The net benefit to farmers of the reduction in BVD prevalence in 2017 alone is estimated to be €75 million, according to Animal Health Ireland (AHI).
Significant progress has been made this year towards the eradication of the BVD virus in Ireland, with the national programme on track to eradicate the virus by 2020 if current progress continues, AHI added.
In an update published today (Tuesday, December 12), AHI outlined that the prevalence of persistently infected (PI) calves so far this year is 0.1%. This is compared to 0.16% in 2016 and 0.66% in 2013 – which was the first year of the national programme.
Over 2017, AHI has seen an increase in the speed with which PI calves have been removed following their identification.
It has attributed this increased speed to the introduction of enhanced programme measures by the BVD Implementation Group (BVDIG), particularly the higher support payments for removal of PIs within three weeks of the date of the initial positive result and the restricting of herds that retain PIs for more than five weeks and notification of neighbouring herds to review their biosecurity.
At the end of November this year, there were only 95 PIs alive nationally – this compared to 337 at the same point last year, according to AHI.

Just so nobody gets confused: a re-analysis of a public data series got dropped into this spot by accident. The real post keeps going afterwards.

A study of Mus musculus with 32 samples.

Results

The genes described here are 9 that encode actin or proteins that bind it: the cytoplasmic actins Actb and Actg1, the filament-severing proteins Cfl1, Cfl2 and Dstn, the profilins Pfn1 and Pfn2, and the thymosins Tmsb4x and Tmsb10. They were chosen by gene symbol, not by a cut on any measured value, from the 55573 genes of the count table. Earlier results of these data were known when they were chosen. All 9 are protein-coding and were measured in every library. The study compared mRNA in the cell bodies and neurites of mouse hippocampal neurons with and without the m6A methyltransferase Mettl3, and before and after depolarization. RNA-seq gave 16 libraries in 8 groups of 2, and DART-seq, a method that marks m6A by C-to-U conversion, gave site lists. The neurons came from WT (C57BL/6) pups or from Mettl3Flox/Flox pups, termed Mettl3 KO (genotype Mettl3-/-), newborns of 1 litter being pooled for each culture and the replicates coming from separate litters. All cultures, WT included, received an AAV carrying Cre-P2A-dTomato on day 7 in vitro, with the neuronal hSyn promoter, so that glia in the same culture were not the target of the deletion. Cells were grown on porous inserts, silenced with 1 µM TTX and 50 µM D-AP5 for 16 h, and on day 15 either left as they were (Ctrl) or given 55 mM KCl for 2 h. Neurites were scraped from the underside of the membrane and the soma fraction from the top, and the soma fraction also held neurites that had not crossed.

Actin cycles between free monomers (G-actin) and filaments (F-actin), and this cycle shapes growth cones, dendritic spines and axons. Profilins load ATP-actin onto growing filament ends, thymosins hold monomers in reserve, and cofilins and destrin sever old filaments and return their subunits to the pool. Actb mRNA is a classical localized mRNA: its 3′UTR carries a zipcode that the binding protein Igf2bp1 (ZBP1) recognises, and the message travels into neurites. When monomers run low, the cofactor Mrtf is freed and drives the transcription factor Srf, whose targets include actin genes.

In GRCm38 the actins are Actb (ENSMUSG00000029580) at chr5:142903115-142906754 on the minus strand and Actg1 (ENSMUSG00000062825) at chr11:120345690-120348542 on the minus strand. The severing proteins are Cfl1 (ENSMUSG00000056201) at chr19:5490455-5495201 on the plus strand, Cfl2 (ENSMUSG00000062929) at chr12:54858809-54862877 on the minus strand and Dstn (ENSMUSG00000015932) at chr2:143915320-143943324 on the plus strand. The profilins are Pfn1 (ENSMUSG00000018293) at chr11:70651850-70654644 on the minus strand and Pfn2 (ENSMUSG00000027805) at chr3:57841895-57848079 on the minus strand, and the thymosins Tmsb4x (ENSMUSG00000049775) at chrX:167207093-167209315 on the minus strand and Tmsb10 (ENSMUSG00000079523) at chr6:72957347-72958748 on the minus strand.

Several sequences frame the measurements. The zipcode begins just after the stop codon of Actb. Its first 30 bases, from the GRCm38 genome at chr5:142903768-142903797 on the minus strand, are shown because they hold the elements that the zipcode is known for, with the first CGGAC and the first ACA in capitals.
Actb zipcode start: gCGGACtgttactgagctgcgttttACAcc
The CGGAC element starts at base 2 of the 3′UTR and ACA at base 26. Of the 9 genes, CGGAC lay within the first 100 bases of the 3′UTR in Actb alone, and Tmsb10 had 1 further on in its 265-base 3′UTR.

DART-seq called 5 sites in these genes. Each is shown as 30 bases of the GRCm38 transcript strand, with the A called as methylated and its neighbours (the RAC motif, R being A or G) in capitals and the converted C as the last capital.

Some counties – including Carlow, Dublin, Louth and Sligo – have no PIs alive currently and a number of other counties have only a single PI alive, it added.
Progress to date
As the end of the fifth year of the compulsory BVD Eradication Programme is approached, it is important to reflect on the progress made to date, AHI’s CEO and chairman of the BVDIG, Dr. David Graham, said.
We have seen further advances this year and believe that if this continues, we are on track to meet our target for the eradication of BVD by 2020.
However, Dr. Graham stressed that “we must remain vigilant and not become complacent, with the swift identification and removal of PI animals being key to achieving our target”.
Negative Herd Status
Dr. Graham also took the opportunity to remind farmers of the benefits of obtaining and protecting Negative Herd Status (NHS); currently 71,000 herds have obtained NHS.
By identifying and testing any animals of unknown status, farmers can obtain NHS and access lower-cost testing.
He also noted that appropriate biosecurity measures should be put in place to minimise the risk of accidental introduction of infection to these herds through movement of animals, people or equipment, or across boundaries.